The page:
May 4, 2016

May 4, 2016 iconMay 4, 2016title

Tahlequah Daily Press by Hunter Lane

students playing in field
student having face painted

A local school is broadening its services and teaching students the importance and history of Cherokee culture.

Grand View School was rife with activity Tuesday afternoon for its first Cherokee Heritage Day event. Throughout the day, students went from station to station, learning about Cherokee attire, how to play stickball and marbles, and listening to storytellers.

The event was hosted by the Cherokee Heritage Center and funded through a grant from the Native Youth Community Project. The NYCP is administered by the Department of Education and was launched in tandem with President Barack Obama’s Generation Indigenous initiative.

This was the first schoolwide Cherokee heritage learning event at Grand View, and Margaret Carlile, federal programs director, said she hopes it will become an annual event.

“Grand View School has about 400 Native American students from 18 tribes, but most of them are Cherokee,” Carlile said. “We’re trying to restore some pride in the communities, and we want to spend some time teaching these kids about their heritage. I was pretty specific today that we did Cherokee things. A lot of things become pan-Indian, which is fine. We’ll celebrate that, too, but today I wanted it to be about Cherokees and the students.”

Carlile said Cherokee Heritage Day supplements a student’s education, and that kids often better remember hands-on experiences than regular book work.

“They remember the day they got their face painted or the day they got to play stickball with the real Indian man,” Carlile said. “They remember the days they get to do stuff with their hands, and those are the kinds of things you remember about school if you think back, not the spelling tests or reading.”

Carlile wants to teach kids about their heritage in a meaningful way that will benefit students in the future. She hopes to also teach students the importance of education to the Cherokee people and their culture.

“If we don’t understand where we’re from, it’s kind of hard to understand where we’re going,” Carlile said. “When we had the seminary here, before statehood, this was the most literate place west of the Mississippi. I try to remind people that we need to tell these kids education is a part of Cherokee history. It’s part of our heritage to be educated, and it’s very important.”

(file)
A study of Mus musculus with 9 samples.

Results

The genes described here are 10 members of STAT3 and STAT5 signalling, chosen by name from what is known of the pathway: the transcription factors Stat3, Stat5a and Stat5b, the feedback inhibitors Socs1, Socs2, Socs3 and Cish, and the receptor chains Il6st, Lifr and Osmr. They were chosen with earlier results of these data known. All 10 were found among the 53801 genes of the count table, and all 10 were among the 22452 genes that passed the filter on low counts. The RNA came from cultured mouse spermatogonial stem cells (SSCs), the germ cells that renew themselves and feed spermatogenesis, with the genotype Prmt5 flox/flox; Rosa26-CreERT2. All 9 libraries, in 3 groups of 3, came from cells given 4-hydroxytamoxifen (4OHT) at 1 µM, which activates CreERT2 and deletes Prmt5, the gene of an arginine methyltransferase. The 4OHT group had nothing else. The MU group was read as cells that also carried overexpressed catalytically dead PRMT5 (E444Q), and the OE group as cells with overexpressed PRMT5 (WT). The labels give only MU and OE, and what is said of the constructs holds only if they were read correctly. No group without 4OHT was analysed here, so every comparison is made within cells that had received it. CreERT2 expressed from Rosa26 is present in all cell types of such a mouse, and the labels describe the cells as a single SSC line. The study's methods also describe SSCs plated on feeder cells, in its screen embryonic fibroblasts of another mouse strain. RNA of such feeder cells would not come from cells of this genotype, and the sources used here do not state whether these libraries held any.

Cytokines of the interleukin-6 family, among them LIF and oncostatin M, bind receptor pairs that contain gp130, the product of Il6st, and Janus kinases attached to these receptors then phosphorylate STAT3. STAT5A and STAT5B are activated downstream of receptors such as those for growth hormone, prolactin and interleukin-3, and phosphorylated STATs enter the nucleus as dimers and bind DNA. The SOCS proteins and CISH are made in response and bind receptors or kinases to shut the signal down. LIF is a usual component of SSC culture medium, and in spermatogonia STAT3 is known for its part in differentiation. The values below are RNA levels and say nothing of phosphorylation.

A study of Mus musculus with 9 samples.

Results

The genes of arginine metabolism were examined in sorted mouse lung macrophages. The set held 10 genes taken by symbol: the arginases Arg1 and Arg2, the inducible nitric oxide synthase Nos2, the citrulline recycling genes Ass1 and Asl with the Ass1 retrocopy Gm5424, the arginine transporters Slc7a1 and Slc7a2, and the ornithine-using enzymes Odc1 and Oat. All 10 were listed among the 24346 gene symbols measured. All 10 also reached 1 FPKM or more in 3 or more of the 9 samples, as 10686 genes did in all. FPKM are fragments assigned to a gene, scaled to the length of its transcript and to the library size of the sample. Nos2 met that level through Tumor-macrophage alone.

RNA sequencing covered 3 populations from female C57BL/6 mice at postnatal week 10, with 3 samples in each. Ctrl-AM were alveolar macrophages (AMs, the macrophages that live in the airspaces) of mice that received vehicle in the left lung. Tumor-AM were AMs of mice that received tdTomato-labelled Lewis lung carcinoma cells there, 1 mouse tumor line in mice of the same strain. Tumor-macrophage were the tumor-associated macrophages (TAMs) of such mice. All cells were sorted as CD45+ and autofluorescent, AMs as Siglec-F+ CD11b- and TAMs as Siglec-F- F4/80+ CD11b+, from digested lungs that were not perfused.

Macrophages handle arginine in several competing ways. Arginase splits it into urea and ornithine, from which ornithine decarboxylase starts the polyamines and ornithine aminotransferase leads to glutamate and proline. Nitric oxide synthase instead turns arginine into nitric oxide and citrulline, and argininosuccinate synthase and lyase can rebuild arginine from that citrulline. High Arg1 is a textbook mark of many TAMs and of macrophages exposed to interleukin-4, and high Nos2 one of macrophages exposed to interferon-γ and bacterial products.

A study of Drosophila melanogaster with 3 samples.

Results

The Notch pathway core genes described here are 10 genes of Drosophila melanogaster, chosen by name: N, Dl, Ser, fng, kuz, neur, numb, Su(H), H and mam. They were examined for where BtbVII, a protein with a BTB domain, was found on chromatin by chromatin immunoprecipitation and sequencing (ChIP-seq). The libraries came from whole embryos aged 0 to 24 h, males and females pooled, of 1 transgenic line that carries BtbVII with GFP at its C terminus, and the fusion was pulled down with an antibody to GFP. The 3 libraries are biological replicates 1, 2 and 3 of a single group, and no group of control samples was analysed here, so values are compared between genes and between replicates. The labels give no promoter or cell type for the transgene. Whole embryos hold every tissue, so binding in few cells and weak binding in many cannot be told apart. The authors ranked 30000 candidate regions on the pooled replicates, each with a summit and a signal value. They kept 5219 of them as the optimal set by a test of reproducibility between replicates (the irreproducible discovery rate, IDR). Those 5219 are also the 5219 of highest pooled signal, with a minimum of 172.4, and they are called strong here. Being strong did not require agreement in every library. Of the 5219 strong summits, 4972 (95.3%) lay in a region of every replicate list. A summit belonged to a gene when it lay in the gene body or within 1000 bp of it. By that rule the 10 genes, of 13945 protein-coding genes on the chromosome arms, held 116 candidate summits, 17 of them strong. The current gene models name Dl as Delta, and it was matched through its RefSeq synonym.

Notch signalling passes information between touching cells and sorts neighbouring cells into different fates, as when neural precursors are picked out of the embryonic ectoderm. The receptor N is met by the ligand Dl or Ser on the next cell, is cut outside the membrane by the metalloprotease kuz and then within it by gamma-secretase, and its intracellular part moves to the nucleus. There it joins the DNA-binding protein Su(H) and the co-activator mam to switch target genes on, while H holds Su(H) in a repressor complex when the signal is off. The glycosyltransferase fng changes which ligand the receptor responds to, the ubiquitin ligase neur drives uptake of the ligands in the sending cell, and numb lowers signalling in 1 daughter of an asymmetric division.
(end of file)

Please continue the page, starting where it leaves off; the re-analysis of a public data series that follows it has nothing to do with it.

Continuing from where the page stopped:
Glenda Sellers, community liaison for Grand View, said students should learn about Native American heritage because it is part of their lives and directly affects them – particularly in this area.

“We need to keep it alive, whether it’s at home or through the school,” Sellers said. “All the activities up here today are interactive with the students, and we have the big kids working with the little kids so they’re able to share some common ground.”

With budget cuts and general uncertainty befalling Oklahoma education, Sellers said schools must use all resources available.

“I think it’s especially important to rural schools,” Sellers said.

Hannah Chesser, a seventh-grader at Grand View, learned how to sing “This Land is our Land” and “Osiyo,” in Cherokee, listened to Cherokee storytellers, and helped paint some of the younger students’ faces.

“We got to hear a story about a song bird that couldn’t sing and stole other bird’s songs,” Chesser said. “We played marbles, stickball, and then we played with blow darts too.”

Chesser’s group was paired with the school’s first-graders. She said she likes events where all the students work and spend time together. Chesser believes cultural education helps people understand one another.

“I like helping [the younger students], it’s a lot of fun,” Chesser said. “They kind of look up to us and they’ll know what to do when they get older to help the little kids. Once people know [about culture], maybe there is more stuff we have in common and they’ll be able to tell people about it.”